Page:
By Vanessa Kenny


I’m going to be the person that most people are going to hate.  I’m going to be the person that is going to call out all the things that came to my mind when I saw the tragedy that unfolded in Westfield Bondi Junction.

Whilst it is an utter tragedy that so many people had their lives changed forever, whether being from physical wounds, the ongoing trauma of witnessing such an unspeakable event, or the people that loved ones have lost and how that will impact on the rest of their lives, I’m going to talk to you about the perpetrator, Joel Cauchi.

As the mother of a 17 year old child with a complex mental health diagnosis, seeing this tragedy unfold across all media platforms, the first thing that came to my mind is that I felt sorry for Cauchi. I felt sorry for Cauchi’s parents. I felt deep pain for the troubled soul behind the chaos.

For me it was a familiar narrative, one akin to the nightmare that this could be our son one day.  One that cuts deep into my heart.  One that no parent should ever have to think or feel, mixed with guilt that the thought had ever crossed your mind.

This thought process has been weighing heavily on my mind ever since.

Should I have thought about the people he killed, wounded both physically and mentally? Yes.  A resounding YES, my heart breaks for everybody who was affected, both directly and indirectly by this tragic event.

However, without even seeing the footage or knowing the background of Cauchi I could tell he was a troubled soul who was suffering with his mental health. He was a person, a human being, somebody’s son, possibly brother, father, or best friend.

Visions of my own child played in my mind like a horror movie.  You see I, like many others, have been fighting a health care system that is not only inadequate, but also set up for failure.

The health system, their executives and our own Ministers like to say that he “fell through the cracks”.  This is not true.  This is a system that is designed to fail.  Designed to push somebody onto another public service so that they do not have to address the issues at hand.

By not helping people with their mental health struggles, it leaves people to fall into a decline where they are not contributing members of society.  These people who do not have anybody to advocate for them or have broken all their bonds with family and friends due to the illness often end up a justice system problem or homeless.  Quite often with a reliance on drugs and alcohol to help quiet the noise in their head.

We have a system that says that people like Cauchi fell through the cracks, however I don’t believe this.  I see a system that is pushing people down into the cracks, creating a gaping chasm that people can’t get out of no matter how hard they try. Parents, children, adults, family members and the community, set up to fail against a stretched healthcare system, with nobody willing to take ownership or responsibility for the “gaps and cracks” identified.

Our family has been advocating and battling a health care system for more than 10 years to get our son the help he needs and the help that he deserves.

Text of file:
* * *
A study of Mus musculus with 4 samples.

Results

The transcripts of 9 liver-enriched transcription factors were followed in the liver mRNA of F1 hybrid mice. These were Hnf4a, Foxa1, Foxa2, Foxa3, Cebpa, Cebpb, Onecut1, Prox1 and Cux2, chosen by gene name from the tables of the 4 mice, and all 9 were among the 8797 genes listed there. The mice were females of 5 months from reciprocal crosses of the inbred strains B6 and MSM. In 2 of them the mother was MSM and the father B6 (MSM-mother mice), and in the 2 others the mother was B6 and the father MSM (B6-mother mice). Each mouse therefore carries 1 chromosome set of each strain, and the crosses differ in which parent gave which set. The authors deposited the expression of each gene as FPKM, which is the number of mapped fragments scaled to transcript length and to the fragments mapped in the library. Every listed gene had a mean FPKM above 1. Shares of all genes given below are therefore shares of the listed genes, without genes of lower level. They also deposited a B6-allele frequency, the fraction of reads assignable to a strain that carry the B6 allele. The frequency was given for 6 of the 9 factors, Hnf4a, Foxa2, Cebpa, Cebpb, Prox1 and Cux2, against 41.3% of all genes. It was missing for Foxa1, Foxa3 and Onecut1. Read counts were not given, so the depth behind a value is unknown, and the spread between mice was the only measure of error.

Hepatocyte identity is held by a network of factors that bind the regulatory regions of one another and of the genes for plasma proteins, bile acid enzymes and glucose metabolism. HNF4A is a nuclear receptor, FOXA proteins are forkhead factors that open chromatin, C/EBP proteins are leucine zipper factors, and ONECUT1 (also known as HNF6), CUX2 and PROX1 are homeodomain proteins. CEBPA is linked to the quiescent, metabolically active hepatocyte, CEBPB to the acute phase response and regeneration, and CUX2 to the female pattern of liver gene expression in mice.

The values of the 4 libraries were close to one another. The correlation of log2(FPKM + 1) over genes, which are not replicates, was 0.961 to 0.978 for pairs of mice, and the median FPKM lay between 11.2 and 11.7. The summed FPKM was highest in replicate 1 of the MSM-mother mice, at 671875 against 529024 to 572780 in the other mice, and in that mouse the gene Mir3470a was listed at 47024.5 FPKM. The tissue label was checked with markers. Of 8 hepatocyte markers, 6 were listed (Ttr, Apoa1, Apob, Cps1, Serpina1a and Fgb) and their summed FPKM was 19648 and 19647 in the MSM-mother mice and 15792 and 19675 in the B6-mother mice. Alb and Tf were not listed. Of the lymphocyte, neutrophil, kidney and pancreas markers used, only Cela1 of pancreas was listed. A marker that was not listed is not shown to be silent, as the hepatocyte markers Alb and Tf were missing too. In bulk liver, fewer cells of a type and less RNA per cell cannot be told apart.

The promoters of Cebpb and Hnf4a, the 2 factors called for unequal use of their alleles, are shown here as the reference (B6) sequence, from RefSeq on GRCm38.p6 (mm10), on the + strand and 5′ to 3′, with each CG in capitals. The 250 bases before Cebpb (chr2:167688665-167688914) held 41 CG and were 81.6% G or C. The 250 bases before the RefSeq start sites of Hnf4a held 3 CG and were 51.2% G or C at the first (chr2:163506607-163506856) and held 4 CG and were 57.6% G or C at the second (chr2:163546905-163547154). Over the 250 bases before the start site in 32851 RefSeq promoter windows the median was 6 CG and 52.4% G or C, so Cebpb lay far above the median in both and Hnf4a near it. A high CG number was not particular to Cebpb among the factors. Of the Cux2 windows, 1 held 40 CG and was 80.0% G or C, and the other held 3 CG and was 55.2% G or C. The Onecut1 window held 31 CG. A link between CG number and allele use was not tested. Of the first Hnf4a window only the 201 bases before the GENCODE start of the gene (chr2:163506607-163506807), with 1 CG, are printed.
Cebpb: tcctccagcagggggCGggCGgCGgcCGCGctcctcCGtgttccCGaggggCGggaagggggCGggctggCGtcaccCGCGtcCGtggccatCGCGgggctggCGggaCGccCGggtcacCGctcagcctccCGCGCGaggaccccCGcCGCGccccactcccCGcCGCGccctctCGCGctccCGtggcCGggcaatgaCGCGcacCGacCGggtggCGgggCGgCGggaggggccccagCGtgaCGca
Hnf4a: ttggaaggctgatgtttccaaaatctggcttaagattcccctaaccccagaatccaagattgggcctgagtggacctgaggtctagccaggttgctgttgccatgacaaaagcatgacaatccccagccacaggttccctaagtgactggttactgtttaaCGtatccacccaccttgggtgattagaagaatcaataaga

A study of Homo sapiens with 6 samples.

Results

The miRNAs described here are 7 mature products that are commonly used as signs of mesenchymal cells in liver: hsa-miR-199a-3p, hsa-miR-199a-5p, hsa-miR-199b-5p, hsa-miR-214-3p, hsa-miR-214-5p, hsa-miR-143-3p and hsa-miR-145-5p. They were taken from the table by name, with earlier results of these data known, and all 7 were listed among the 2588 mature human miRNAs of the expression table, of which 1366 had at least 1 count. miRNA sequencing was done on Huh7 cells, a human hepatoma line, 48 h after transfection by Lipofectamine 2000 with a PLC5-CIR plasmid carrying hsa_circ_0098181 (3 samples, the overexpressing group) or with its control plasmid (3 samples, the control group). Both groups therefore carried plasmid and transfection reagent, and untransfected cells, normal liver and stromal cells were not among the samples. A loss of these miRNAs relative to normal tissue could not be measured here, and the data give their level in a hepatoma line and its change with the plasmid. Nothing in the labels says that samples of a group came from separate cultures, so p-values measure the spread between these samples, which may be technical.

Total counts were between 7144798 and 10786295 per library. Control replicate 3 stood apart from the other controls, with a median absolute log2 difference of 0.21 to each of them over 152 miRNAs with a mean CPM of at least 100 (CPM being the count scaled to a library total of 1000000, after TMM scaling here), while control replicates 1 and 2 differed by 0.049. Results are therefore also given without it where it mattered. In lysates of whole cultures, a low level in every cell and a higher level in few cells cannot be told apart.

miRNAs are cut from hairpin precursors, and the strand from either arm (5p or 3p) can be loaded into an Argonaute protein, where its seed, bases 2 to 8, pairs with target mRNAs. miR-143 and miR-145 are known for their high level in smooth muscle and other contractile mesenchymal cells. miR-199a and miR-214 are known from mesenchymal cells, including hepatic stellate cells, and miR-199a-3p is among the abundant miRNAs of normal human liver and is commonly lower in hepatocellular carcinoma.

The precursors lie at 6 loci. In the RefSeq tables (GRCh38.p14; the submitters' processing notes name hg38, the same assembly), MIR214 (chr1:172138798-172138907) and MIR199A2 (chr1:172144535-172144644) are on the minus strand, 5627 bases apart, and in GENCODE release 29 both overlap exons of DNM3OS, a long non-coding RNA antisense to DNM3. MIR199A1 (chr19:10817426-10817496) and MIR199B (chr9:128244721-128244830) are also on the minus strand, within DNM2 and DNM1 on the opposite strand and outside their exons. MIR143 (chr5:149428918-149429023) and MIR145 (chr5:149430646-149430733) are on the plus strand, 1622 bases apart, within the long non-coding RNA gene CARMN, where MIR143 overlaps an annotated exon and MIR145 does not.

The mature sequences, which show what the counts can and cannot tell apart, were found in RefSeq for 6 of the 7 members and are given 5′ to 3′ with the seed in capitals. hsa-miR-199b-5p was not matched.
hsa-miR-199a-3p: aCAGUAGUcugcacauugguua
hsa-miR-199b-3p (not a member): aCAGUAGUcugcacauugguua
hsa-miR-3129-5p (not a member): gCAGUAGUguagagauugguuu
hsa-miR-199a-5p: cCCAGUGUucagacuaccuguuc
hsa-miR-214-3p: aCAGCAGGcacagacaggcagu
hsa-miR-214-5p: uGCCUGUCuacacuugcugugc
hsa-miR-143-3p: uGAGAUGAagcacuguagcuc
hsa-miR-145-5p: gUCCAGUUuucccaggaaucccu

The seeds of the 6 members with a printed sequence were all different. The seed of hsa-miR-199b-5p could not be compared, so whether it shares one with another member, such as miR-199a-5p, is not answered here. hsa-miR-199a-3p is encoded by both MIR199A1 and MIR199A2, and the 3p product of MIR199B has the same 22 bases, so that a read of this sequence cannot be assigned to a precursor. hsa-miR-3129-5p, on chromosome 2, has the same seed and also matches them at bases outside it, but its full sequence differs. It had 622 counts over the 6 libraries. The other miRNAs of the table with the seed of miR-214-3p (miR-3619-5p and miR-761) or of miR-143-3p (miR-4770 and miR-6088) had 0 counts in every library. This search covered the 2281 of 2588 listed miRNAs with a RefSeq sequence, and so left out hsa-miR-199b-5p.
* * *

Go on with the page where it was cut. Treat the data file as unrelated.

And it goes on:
However, by pushing back, advocating and questioning the system, the Doctors, the Mental Health Care teams, the Executives, and the Ministers, we have been labelled with statements such as, "we are catastrophising", "our issues are due to incorrect parenting", "this is an anger management issue".

We have been patronised, called difficult and hostile for displaying emotions and asking questions.

We have endured accusations of domestic violence simply because our son needed us to restrain him during neurological episodes, an act necessary to prevent self-harm.  We’ve witnessed the havoc wrought by potent medications, rendering our home unsafe for all.  Like Cauchi’s family we’ve hidden sharp objects, transforming our household into a battleground where safety is a fleeting illusion.

We have been threatened by health professionals of being blacklisted, had medical records locked or redacted, told to make our child homeless or relinquish care for him to live in a group home.

We have been referred to private services that are inaccessible, and un-sustainable.

The collateral damage extends beyond our afflicted child.  It extends to our other vulnerable children subjected to the turmoil of fights and family breakdown. It extends to the community that could be unsafe should an incident occur.  And in the darkest of moments, it affected me to the point where I found myself teetering on the brink of taking my own life.

The fight for those who have a child who has a complex mental health diagnosis that cannot be managed due to a “gap in the system”, is long, it’s hard, its isolating, and it feels like there is never going to be a happy ending.

I know that life is not a fairytale, but I would like to think with early intervention, strong advocates, and accessible resources that all of this could be avoided.

Amidst the despair, I would like to think there's a glimmer of hope—a call to action for greater empathy, for a society that sees beyond the surface and acknowledges the humanity in us all. It's a call to recognize that behind every headline lies a story, a struggle, a life worth fighting for.

In the end, perhaps the greatest tragedy of all is not just the loss of innocent lives, but the failure to address the gaps and cracks, to recognize our shared humanity, to extend compassion to those who need it most. It's a wake-up call for us all to do better, to be better, to create a world where no one is left to suffer in silence.

I ask for a call of understanding and action from those who can make a difference.